Figure 1 – Types of trade agreements and the human rights claus

Types of trade agreements and the human rights claus

The EU’s policy is to include the clause in political framework agreements, to which free trade agreements should be linked. When there is no such framework agreement, the clause forms part of the agreement containing the free trade provisions. The latter agreement may be either a free trade agreement or a more comprehensive one including free trade provisions alongside provisions on cooperation in various areas (such as association agreements). The clause is also present in some agreements which deal with trade aspects (such as trade cooperation), but do not include tariff liberalisation (and therefore are not free trade agreements). Some earlier free trade agreements – such as the Association Agreement with Turkey (1963), the Agreement on a Customs Union with Andorra (1990), and the Agreement on the European Economic Area (EEA) with Iceland, Lichtenstein and Norway (1993) – do not contain an HRC, since the clause was gradually introduced in the 1990s. The EEA agreement does, however, refer to human rights in its first recital.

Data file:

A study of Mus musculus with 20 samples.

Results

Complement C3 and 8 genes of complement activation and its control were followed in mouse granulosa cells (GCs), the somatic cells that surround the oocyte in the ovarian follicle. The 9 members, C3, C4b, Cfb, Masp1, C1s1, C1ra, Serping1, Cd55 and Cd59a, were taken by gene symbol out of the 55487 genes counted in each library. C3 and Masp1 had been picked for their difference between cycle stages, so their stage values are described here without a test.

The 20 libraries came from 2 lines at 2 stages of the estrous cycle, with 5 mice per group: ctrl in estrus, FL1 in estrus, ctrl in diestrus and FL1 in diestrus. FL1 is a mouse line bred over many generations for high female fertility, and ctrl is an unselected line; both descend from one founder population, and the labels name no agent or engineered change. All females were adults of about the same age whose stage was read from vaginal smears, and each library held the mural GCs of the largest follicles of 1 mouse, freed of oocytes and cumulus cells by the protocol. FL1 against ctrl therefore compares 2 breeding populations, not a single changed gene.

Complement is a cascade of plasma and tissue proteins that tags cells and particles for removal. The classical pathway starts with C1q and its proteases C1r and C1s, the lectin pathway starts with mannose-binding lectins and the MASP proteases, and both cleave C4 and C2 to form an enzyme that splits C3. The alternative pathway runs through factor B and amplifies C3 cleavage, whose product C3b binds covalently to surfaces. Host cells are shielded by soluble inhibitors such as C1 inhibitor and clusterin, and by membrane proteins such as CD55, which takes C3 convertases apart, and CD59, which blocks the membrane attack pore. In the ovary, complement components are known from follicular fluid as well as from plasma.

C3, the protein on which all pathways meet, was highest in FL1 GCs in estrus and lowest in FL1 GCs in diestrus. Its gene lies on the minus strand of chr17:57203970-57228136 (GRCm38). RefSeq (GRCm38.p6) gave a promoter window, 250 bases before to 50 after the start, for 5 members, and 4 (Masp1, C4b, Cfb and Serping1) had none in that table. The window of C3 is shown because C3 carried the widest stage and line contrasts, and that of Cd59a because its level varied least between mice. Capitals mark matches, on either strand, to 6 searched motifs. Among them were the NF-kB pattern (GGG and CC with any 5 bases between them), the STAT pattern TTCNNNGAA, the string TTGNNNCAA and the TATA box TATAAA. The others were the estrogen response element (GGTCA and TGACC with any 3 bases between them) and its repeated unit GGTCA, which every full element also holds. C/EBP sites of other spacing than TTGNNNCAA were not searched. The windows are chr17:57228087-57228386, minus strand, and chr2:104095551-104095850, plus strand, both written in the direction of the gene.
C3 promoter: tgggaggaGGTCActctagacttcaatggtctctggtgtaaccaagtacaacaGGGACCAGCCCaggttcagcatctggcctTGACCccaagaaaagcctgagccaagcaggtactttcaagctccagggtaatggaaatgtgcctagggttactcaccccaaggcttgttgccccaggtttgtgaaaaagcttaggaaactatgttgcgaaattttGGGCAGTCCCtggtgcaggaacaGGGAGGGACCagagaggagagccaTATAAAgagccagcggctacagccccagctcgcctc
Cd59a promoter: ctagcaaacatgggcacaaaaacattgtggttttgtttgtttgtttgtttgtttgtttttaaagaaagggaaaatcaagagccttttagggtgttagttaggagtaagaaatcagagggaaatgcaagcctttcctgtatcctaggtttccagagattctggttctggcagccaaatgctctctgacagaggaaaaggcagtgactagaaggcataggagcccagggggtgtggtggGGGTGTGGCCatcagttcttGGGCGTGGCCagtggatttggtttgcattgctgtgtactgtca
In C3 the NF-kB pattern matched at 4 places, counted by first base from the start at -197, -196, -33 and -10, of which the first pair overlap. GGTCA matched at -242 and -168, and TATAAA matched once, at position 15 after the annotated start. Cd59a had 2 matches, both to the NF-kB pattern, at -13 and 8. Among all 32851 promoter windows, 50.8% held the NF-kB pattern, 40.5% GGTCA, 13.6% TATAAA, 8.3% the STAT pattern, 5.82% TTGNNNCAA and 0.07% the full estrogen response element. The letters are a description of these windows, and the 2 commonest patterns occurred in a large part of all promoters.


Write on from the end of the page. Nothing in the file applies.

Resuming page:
When the clause is present in a framework agreement, a linkage clause in the trade agreement has the legal effect of making the HRC applicable to this as well. A typical linkage clause is the one found in the trade agreement with South Korea:
‘Article 2. The present Agreement shall be an integral part of the overall bilateral relations as governed by the Framework Agreement. It constitutes a specific Agreement giving effect to the trade provisions within the meaning of the Framework Agreement’.
The linkage clause can also refer explicitly to the essential elements clause, for example in the Economic Partnership Agreement (EPA) with the Cariforum States (2008):
‘Article 2. This Agreement is based on the Fundamental Principles as well as the Essential and Fundamental Elements of the Cotonou Agreement, as set out in Articles 2 and 9, respectively, of the Cotonou Agreement’.
Other EPAs (‘interim EPAs’, but also the Economic Partnership Agreement with the East African Community (EU-EAC EPA)) do not explicitly refer to the HRC in the Cotonou Agreement. However they endorse the non-execution clause in this agreement (its Article 96), which can be construed as implicit recognition of the HRC.